A Message from the Past that Resonates in the Present

My dad died at 28 from complications from diabetes. He lived a very full life in a short time. This from an article published in the Eau Claire, Wisconsin Leader on October 15, 1962 shortly before I was born. My sister, who is our family genealogist, recently found it and shared it and I’m glad she did, it’s a very inspiring article.

Screen Lives Again in Augusta Theater

October 10, 1962 — AUGUSTA (Special) — While movie heroes dance their shadowy ritual across the movies screen here a true life drama is being enacted at the box office.

A month ago Richard L. (Chips) Flodin, 22 , of 1611 Western Avenue, Eau Claire, and his wife, re-opened the August theater which had been silent and dark for two years.

Many folks know Flodin as an Eau Claire radio personality, who conducted a late-evening record show, worked at the television studio as a film director and moved to Marshfield as a radio announcer after marrying Maxine Knowlton in September, 1961.

Some folks know that Flodin, who has a lifelong interest in the entertainment world in general and the movie world in particular, launched his business here a month ago on a shoestring after being out of work for months.

Few know he had to leave his radio announcing post, when failing eyesight canceled out his ability to read news stories or other announcements. He has been in hospitals twice since then in efforts. so far futile, to push back the curtain of darkness that is gradually closing in.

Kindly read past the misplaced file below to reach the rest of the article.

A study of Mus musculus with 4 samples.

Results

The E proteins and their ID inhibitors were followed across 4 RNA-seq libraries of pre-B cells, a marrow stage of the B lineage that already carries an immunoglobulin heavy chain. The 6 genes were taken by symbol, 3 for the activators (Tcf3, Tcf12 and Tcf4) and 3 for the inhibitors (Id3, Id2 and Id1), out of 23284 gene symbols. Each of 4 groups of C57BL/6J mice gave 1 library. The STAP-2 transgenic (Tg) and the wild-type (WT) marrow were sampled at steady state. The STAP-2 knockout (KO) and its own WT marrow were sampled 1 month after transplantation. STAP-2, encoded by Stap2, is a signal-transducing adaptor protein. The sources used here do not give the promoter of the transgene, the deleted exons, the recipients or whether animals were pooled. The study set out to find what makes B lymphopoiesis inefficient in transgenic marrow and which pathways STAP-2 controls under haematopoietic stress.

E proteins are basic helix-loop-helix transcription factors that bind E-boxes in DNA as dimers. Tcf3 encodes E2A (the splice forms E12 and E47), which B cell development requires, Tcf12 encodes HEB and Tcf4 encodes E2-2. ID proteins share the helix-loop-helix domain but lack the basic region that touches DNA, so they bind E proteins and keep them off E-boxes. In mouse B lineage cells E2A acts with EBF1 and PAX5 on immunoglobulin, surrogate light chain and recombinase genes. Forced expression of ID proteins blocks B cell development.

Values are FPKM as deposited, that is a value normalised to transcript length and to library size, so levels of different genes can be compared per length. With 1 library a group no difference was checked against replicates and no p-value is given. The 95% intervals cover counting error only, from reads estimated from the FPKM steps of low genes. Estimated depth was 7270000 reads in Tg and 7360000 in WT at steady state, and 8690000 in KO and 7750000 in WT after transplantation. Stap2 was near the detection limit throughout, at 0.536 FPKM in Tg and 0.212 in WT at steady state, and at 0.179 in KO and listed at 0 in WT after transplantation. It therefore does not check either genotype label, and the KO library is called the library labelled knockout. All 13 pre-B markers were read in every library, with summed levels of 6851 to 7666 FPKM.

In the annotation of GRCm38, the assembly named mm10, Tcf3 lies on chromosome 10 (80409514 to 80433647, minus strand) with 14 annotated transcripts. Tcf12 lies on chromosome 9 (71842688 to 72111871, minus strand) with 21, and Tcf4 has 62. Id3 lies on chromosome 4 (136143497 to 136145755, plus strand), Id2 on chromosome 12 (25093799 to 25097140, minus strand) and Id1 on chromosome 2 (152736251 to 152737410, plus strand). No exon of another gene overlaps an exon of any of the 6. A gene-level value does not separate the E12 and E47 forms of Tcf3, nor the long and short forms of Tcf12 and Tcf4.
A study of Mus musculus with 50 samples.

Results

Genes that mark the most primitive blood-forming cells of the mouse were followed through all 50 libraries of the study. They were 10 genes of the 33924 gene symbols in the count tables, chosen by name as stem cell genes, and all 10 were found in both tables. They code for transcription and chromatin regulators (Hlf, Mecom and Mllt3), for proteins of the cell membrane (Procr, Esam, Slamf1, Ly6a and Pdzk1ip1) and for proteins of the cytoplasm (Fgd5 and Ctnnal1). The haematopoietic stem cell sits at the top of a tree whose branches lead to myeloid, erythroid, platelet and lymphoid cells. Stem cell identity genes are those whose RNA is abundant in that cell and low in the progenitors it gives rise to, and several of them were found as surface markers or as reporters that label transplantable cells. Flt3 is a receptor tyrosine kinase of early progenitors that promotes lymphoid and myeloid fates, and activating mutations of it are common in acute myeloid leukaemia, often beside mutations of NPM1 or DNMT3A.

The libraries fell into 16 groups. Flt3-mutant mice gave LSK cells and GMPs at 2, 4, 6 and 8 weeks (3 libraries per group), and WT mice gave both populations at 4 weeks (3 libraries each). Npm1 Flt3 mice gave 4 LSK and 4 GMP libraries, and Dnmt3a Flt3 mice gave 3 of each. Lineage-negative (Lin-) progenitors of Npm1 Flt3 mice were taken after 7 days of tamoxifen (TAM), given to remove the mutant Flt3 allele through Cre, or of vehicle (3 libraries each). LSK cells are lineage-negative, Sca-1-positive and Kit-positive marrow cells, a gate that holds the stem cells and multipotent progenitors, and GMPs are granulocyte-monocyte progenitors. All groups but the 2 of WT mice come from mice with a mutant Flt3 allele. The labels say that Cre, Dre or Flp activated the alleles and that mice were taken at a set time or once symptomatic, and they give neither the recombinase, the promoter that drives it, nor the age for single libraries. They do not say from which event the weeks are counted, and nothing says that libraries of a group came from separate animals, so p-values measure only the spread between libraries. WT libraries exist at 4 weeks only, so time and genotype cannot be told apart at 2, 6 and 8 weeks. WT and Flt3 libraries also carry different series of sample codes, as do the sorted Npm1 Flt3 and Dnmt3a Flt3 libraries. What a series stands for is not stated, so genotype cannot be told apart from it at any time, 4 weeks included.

At best Flodin can make out the shape and form of large objects. At worst he can just distinguish between light and darkness.

“It seems like there is always a way, if you can just find it.”, he says. He doesn’t like to talk about his problems. He would rather talk about his Eau Claire friends who tipped him off to the possibility of reopening the theater here: who helped himself and his wife clean up, paint and partially remodel the main street building for the event; and the Augusta businessmen who have supported his effort. He sells them some advertising on the screen and reports that business support has represented the difference between success and failure during the first weeks.

He has found that although business is good “many people have gotten out of the movie habit.” He hopes that by presenting the best pictures his budget will allow he can recapture some interest.

He also praised the August young people, Jerry Setzer, Julie Neldon and Jim Steadman, who work at the theater for showings: one on Thursday, two on Friday and Saturday nights, matinees on Saturday and Sunday, and the Sunday night performance.

So far his wife, who is 19, has been his principle helper, caring for books, driving his car and using her eyes for him. She will have added duties soon when their first child is born. Flodin is hoping to find a place here where he can reasonably park their trailer close to the theater so he can walk back and forth alone.

“I was pretty busted up,” he says, recalling the time when he first learned his eye ailment is serious and could be permanent. But his face lights up as he describes how he is trying to improve the theater sound system and the bright plans he has for the future if his venture here succeeds. He will know better when the next two months of his three-month trial period are complete.